Kicking the habit

I knew the blazing sunshine and balmy evenings couldn’t last. It’s whipping it down. Ugh.

But even though the skies are leaden and the gutters are flooded, my cheery demeanour remains unscathed: since I decided to quit looking for the love of my life, it’s as if a huge weight has been lifted from my shoulders.

The Darkly Intriguing is gambolling in pastures new, Uni Boy has left the building … so it’s just me, little old me. All by myself, and perfectly happy with that.

As if to validate my decision, I meet a girlfriend for coffee and she tells me how unhappy she is: she’s found out that her boyfriend (or, rather, ex-boyfriend) had been sending intimate messages to another woman the whole time that they were together. And they were together for two years.

Later, another girlfriend who recently got back together with her first love tells me there’s trouble in paradise: he’d carelessly “forgotten” to mention the child he’d had in the inbetween years. Naturally, she’s not so much worried about the child as the dishonesty that has kept it hidden until now.

When I stop and think about it, I know any number of intelligent, attractive ladies, who each have any number of tragic dating stories that range from head-shakingly hilarious to downright disturbing. And as I listen to these stories, I wonder what on earth is wrong with the world? And, more pertinently, what’s wrong with all these men?

Maybe it’s the times we live in, or maybe it’s our time of life, but it’s as if all the good ones got snapped up early on, and all that’s left are the slightly imperfect ones – the shop soiled remainders that think nothing of behaving badly and breaking a few hearts along the way.

I feel as though I’ve got off lightly.

Of course, I do know some couples who seem perfectly content in each other’s company, and who treat each other with affection and respect. I salute them, admire them, and wish I was one of them. I’m also sure there are plenty of men out there wailing and gnashing their teeth, with equally sad stories to tell, but … well … where are they?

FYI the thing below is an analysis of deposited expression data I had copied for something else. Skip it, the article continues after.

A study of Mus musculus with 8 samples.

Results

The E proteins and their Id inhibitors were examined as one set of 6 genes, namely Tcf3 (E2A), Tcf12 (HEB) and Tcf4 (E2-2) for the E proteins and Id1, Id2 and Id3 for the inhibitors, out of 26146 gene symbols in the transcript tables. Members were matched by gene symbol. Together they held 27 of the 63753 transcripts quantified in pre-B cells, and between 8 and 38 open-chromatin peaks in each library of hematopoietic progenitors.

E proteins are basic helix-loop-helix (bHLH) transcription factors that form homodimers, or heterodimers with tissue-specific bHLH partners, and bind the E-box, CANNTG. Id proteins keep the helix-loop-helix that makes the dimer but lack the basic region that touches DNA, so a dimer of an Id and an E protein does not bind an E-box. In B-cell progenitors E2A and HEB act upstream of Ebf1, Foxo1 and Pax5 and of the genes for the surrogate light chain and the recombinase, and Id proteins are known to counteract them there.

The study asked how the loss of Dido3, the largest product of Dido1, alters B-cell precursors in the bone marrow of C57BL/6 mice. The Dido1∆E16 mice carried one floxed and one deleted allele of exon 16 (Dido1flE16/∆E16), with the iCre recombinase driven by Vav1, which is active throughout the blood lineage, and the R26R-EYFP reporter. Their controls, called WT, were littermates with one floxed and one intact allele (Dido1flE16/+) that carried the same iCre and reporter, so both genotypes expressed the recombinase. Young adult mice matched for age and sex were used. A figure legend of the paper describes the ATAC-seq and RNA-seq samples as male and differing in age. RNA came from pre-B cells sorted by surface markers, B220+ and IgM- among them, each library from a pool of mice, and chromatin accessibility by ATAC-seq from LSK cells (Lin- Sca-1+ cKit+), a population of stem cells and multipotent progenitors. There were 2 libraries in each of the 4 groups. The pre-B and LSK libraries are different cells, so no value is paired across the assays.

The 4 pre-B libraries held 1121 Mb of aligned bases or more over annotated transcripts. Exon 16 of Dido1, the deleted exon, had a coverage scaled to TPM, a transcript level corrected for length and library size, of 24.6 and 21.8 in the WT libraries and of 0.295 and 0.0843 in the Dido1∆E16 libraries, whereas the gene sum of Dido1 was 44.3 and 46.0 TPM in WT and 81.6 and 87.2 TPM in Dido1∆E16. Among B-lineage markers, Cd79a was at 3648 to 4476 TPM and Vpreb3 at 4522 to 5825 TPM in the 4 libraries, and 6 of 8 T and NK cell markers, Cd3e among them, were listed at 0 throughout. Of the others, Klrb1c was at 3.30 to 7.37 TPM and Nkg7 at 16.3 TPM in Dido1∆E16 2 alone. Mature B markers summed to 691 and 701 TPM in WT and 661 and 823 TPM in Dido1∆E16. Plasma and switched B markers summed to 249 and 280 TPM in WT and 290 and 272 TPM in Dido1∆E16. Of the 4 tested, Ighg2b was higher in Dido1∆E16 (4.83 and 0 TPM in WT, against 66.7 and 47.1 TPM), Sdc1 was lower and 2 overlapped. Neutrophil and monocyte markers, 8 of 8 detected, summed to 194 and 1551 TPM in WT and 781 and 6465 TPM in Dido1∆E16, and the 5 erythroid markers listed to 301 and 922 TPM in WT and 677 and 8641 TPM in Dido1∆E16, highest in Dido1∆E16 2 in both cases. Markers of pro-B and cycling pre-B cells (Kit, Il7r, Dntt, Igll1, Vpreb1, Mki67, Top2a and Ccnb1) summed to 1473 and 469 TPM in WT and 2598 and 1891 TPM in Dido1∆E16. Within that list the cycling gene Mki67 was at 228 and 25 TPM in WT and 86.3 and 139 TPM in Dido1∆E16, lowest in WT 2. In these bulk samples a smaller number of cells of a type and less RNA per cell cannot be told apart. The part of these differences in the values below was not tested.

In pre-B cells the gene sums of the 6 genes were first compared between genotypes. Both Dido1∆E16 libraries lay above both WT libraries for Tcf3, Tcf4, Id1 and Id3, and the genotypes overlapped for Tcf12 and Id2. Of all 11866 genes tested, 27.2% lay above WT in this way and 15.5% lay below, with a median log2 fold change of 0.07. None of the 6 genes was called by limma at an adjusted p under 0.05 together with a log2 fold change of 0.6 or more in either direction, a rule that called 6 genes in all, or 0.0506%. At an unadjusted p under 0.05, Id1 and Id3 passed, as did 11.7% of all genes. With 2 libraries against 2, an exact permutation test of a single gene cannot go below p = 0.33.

Still, I’m convinced that studious abstention is the way to go right now. I’ve got a new job, a new positive attitude … and I just don’t need anyone cramping my style.

Of course, there’s no accounting for random elements that are determined to make their presence felt.

I’m (once again) waiting in line for a coffee when the guy behind me, who’s been juggling mucus between his nose and throat for the better part of five minutes, decides to pipe up.

“It’s ridiculous, isn’t it? Just ridiculous!”

I don’t know why, but I feel that someone has to step into the yawning silence this comment has attracted. And of course, since no one else is volunteering, that someone is going to be me.

Wary of risking an over-involved exchange by actually speaking, I raise an affable, but quizzical, eyebrow in his direction.

“I mean, really!” he continues, “How long can it take to make a coffee?”

“Well,” I say, indicating the queue with a sweep of my arm, “it’s pretty busy in here today.”

“Of course,” he continues, as if I hadn’t spoken. “I blame the Germans.”

I bring it on myself, I think, as I mentally roll my eyeballs, he expounds some wildly complex theory about the coffee-snaffling qualities of the German race, and I feel the conversation slip into the absurd.

As I listen to him waffle on, a realisation hits me.

This, I think, is why I’m better off staying away from men, relationships and romance. Because no matter how uncomfortable the situation, no matter how agonising and annoying and undeniably wrong it all is, I have absolutely no concept of how and when to step away. I soldier on, martyr-like, to the bitter end.

Well, not today.

“I’m sorry,” I say, as I push past the raving nutter from Nuttersville, “I’ve got somewhere else to be.”

And I can’t be sure, but I think he even pauses for a second as he watches me go.


5 thoughts on “Kicking the habit

  1. pwbear says:

    That’s fine – you’ve made your point, but don’t forget that your ability to listen to others with interest and a sense of humour is what makes you a likeable individual. It would be a pity to lose that part of your personality.